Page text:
General Motors, Tesla and the slew of other automakers bringing new  EVs to market are going to face a new issue sometime soon: what to do with the old batteries?

Battery cars currently account for a small fraction of the vehicles being sold but that’s expected to accelerate rapidly in the coming decade as more products come to market and regulators around the world enact strict new emissions and fuel efficiency mandates. So, with an estimated 300 million electric vehicles on the road by 2030 that raises a significant challenge for the industry: what to do with used batteries at the end of their “first life?”

With an estimated 4 million electric vehicles coming off the road in 2030, the challenge will be to develop ways to either reuse or recycle their battery packs – something that could create a $10 billion market, according to a new study by the Boston Consulting Group.

“The last thing we want is to have batteries, the highest value components (in an EV) to wind up in landfills,” said Aakash Arora, a BCG managing partner and lead author of a study on developing a “circular economy” based around used vehicle batteries.

(Lucid Air to offer biggest battery pack of any EV — and the longest range.)

The Volvo XC40 Recharge Battery Package is just the first of what will be a variety of vehicles using batteries.

Today, about 32 million electrified vehicles are in use worldwide, the BCG study estimated, including 8 million plug-in hybrids and pure battery-electric vehicles, or PHEVs and BEVs. The rest are various types of conventional hybrids that don’t need to be plugged in. By the end of the decade, the consultancy forecast, the overall number will increase tenfold, with a growing emphasis on plug-based models using larger battery packs.

The good news, said Arora, is that the battery packs in the majority of those vehicles will have enough capacity left to find a “second life.” That could include a variety of applications, such as being used to power forklifts and other factory equipment, as well as for stationary applications such as backing up cell towers or load leveling electrical grids.

Grid systems are already gaining momentum, among other things, to fill in when solar arrays or wind generators are down.

“We should be able to create a good use,” said Arora.

About 4 million battery packs will come off the road in 2030, the study forecasts. That number will rapidly grew in the years behond as sales of electrified vehicles accelerates.

An illustration of the Mercedes-Benz EQC shows its batteries and twin electric motors.

The BCG study anticipates that by 2030 as much as 30% of the high-voltage automotive batteries – typically lithium-ion – will find second life applications.

That figure could grow, said Nathan Niese, a BCG associate director, as lithium technology improves. Today, most batteries are expected to be near the end of their useful life by the time a vehicle is scrapped – if they last even that long. But, he noted, new chemistries and other breakthroughs could substantially extend the useful capacity of the batteries that will come to market over the next few years.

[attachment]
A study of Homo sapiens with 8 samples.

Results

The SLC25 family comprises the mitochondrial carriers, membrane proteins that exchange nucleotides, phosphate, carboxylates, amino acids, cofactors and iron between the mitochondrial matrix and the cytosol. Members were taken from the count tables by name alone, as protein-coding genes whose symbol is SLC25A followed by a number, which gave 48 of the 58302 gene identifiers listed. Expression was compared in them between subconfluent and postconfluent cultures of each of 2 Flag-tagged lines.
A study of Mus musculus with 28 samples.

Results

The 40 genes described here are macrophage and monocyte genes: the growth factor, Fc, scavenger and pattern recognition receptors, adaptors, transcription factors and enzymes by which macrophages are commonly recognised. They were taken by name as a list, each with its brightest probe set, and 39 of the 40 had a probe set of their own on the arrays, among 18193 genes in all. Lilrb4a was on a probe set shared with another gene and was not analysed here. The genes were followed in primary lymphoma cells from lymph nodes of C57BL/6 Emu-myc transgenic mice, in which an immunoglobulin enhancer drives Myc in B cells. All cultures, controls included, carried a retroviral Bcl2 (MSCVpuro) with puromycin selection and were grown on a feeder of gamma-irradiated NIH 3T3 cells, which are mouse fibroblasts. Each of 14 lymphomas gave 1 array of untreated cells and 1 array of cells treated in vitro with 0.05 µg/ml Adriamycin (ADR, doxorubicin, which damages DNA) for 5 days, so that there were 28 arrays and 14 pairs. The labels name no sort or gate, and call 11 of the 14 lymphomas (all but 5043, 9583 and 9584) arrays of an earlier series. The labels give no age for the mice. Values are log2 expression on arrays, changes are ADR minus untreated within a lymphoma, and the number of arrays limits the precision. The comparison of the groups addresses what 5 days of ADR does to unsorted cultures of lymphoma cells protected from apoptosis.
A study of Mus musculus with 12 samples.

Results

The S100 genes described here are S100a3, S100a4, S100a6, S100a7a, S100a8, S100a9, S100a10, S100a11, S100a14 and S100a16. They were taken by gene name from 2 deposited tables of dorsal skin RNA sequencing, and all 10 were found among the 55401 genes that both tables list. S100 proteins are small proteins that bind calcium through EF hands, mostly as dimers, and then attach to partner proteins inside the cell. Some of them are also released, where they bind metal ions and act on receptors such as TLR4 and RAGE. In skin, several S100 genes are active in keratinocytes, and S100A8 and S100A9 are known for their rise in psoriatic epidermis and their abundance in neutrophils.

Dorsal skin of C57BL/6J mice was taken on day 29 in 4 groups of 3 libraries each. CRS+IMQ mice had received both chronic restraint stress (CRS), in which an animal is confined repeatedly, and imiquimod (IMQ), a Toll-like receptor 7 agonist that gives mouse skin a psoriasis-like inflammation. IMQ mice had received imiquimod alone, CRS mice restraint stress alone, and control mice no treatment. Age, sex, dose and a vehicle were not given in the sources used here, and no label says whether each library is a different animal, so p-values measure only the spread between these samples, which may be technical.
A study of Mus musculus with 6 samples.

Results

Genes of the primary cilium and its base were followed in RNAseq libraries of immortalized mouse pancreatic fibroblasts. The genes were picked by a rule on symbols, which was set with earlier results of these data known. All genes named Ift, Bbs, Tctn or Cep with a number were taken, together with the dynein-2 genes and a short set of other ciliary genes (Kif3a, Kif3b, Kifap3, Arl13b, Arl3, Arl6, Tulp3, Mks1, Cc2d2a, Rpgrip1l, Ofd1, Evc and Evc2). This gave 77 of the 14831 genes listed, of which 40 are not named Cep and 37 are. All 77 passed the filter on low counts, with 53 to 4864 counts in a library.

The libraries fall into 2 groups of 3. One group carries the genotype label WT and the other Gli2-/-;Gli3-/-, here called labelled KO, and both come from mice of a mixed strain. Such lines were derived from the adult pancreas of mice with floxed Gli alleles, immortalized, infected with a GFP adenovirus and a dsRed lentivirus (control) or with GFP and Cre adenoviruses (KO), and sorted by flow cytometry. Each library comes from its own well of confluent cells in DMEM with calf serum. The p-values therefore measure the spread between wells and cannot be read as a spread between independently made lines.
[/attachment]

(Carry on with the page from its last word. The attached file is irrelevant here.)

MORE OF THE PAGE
Tesla CEO Elon Musk, for one, has indicated his company expects the battery upgrades it’s now working on will allow them to last for as much as 1 million miles.

That would be particularly useful for high-use applications, such as taxi and ride-share fleets, as well as in the wave of new electric trucks soon to reach market, like the Tesla Semi.

(GM EV program charging ahead despite dynamic.)

Pulled out of a conventional passenger car, such long-life batteries could find significant second-life applications.

GM showed of its third-generation global electric vehicle platform with its Ultium battery technology.

But all batteries will, at some point, lose enough of their initial capacity to warrant being scrapped. The challenge is to develop methods that can cost effectively recycle their components, said Arora.

It helps, he noted, that some of the raw materials used for lithium-ion batteries are considered relatively precious commodities, notably cobalt but also including lithium and nickel.

With virgin supplies potentially running short as demand for battery technology grows, that will only encourage the development of effective recycling methods, according to BCG.

Right now, however, “there are a number of questions” as to how efficient battery recycling can be, said Niese. A case in point is Volkswagen AG, the German automaker that plans to have about 50 different all-electric models in production by mid-decade. Currently, only about half of the batteries in its vehicles are being recycled though, said Niese, “they have a roadmap to get it up to 90 to 95%” during the coming decade.

Hyundai and Kia will use Canoo’s EV skateboard to underpin an electric vehicle about the size of the Hyundai Accent.

Recycling programs are now most advanced in China, the country expected to have the largest market for battery cars going in the coming years, the BCG study indicates.

At that level, recyclers should be able to recover between $30 to $40 worth of raw materials for every kilowatt-hour, or about 30 to 40% of what General Motors expects to spend per kWh once its new Ultium technology goes into production at a new plant in Ohio next year.

That creates “a real business case to be profitable,” said Niese.

(GM, Tesla charging toward million-mile battery goal.)

But equally important, the study stressed, aggressive recycling should reduce the risk of shortages of some of the most critical materials needed to produce new lithium-ion batteries.